Tuesday, July 05, 2011

Validating schema.org Microdata with SPIN

The new 3.5.1 version of TopBraid Composer introduces some initial features to import, browse, edit and analyze Microdata. I wrote about this in a previous blog entry - if you want to try those features just download TBC's evaluation version, keeping in mind that Microdata support is still at an early stage and that, for example, the parser isn't fast yet. Today I will focus on a SPARQL-based approach for validating schema.org Microdata using SPIN inside of TopBraid.

I have published a library of SPIN constraints at http://topbraid.org/spin/schemaspin. This library currently includes 11 types of integrity constraints covering various aspects on the schema.org ontology, as shown below.

The most basic tests are making sure that schema.org properties can only be used at classes with matching domains, and that the values of those properties match their declared ranges. These tests alone may help you identify many potential errors at edit time. Another generic test is associated with owl:IrreflexiveProperty, making sure that a value of children, colleagues, follows, knows etc doesn't point to itself.

Other tests check for various family relationships (e.g. children must be born after their parents, children cannot contain cycles and birthDate must be before deathDate), emails must match certain regular expressions, and the ranges of longitudes and latitudes. The following TBC screenshot shows an example of an invalid longitude:

A really powerful demonstration of ontology reuse and linkage is the constraint that validates currency codes. There is a finite vocabulary of those, including EUR and USD. The schemaspin ontology simply imports the QUDT namespace that already defines all of those abbreviations, and reports an error if an unknown currency is used on a Microdata page. The following screenshot shows the underlying SPIN constraint (note that this spin:constraint is attached to a property metaclass that marks all properties holding currencies as values):

The constraints above are just a beginning. Much more interesting constraints could be defined if more data is published on the Semantic Web, e.g. by asking the Sindice SPARQL end point with the SPARQL SERVICE keyword to validate that a link to a Person really describes a known http://schema.org/Person, or to compare prices to make sure that my offering of a product is currently the lowest price on the market. The open architecture of SPIN and the richness of SPARQL makes adding these and domain-specific constraints easy and enjoyable.

Sunday, July 03, 2011

SPARQL Web Pages made easy

SPARQL Web Pages (SWP, aka UISPIN) is a templating language for HTML and XML formats that operate on RDF data. In a nutshell, SWP makes it possible to embed SPARQL expressions and queries directly into web page snippets, and to link an RDF or OWL ontology with such SWP snippets. SWP can also be used to generate JSON callback results to support Ajax-style patterns. This basically means that application developers can cover the whole software stack ranging from model to control to view with RDF-based representations only.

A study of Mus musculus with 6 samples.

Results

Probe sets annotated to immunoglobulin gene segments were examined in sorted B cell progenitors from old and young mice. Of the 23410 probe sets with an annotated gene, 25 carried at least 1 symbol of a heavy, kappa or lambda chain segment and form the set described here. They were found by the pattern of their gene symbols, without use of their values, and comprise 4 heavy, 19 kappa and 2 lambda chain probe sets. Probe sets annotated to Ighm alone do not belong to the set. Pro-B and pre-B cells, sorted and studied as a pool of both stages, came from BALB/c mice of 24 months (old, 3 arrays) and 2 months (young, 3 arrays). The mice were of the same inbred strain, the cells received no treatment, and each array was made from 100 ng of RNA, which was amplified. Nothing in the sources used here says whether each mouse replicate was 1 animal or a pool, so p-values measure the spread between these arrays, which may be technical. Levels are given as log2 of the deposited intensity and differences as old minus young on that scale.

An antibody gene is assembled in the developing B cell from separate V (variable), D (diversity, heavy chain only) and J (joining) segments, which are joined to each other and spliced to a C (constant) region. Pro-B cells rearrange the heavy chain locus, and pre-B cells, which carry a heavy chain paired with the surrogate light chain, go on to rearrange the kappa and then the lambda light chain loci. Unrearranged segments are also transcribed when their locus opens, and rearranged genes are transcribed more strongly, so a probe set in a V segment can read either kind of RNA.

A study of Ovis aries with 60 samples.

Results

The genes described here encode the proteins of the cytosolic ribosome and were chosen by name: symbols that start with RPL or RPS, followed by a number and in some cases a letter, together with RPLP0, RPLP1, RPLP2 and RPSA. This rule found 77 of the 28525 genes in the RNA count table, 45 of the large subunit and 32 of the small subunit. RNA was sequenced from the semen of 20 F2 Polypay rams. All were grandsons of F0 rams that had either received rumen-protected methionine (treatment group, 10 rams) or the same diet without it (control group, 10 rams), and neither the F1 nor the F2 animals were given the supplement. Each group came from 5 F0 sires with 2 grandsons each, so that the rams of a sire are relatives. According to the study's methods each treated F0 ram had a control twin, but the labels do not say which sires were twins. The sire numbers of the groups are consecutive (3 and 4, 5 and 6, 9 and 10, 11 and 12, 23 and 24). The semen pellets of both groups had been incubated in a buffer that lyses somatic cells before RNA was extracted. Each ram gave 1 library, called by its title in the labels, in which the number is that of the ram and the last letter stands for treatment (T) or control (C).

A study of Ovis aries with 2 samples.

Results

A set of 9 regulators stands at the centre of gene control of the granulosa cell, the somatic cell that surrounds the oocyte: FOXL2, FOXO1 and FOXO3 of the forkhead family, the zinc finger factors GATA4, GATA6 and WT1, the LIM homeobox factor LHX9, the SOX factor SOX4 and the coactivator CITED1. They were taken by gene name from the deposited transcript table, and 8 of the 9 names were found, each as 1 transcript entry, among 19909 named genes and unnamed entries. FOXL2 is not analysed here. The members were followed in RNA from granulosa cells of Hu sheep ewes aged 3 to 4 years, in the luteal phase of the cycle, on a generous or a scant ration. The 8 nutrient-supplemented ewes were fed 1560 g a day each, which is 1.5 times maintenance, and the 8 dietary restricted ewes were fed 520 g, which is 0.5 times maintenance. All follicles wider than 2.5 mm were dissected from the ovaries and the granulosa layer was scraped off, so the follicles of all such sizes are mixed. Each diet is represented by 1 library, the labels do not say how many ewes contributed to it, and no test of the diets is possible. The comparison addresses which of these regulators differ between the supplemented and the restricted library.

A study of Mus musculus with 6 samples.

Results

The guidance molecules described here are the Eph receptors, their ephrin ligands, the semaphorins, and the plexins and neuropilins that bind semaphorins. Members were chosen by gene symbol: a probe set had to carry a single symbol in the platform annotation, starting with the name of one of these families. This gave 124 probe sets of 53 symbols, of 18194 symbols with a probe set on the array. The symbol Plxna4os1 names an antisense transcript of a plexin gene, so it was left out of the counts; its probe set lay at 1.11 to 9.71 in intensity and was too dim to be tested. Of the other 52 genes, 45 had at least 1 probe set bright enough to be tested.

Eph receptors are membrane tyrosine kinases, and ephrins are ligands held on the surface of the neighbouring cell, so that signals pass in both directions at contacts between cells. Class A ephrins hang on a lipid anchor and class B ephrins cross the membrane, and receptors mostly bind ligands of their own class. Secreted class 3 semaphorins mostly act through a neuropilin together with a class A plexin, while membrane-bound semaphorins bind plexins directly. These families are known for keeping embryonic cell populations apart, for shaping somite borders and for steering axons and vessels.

At TopQuadrant, we have meanwhile made substantial use of SPARQL Web Pages in internal and customer-facing projects, and have introduced several SWP enhancements with TopBraid 3.5. One thing that several people asked for was SWP support for stand-alone web pages that are not necessarily linked to specific classes in an ontology. In response to this, we have introduced *.swp files, which can be used like PHP or JSP documents with a TopBraid server.

In order to create such SWP files, go to File > New > SPARQL Web Pages file. This will create a stub file with some content that will help you get started:

Through its base platform Eclipse, TopBraid Composer includes a powerful HTML editor, and TBC 3.5.1 includes syntax highlighting for SWP built-ins (see above, you may need to associate *.swp files with the HTML content type in the Eclipse preferences as described in the TBC Help).

As soon as you have created this file, you can immediately execute it via the personal TopBraid Live server that is built into TopBraid Composer. Just visit http://localhost:8083/tbl/test.swp in your browser:

The example above takes one argument (test) and inserts this into the greeting. The expression {= ?test } will insert the current value of the SPARQL variable ?test into the output document. In our example, ?test is fetched from the URL arguments via the built-in function ui:param(). The demo page then creates a simple loop over all instances of kennedys:Person in the query graph and inserts them into an unordered HTML list. The actual query graph is specified using the ui:setContext tag - if this isn't present it will use the default graph.

For a more complete live demo of SWP, visit http://spinservices.org:8080/spin/doc.swp providing documentation of the GoodRelations ontology:

For anyone with experience in hand-editing HTML and JSP or PHP, SPARQL Web Pages should look quite familiar. In fact, SWP borrows ideas from other well-known languages such as loops, assignments, if-then-else branching and user-defined tags, but is 100% SPARQL. With RDF nodes as first-class citizens, this language is IMHO an attractive alternative to projects that use RDF as their primary data representation or integration format.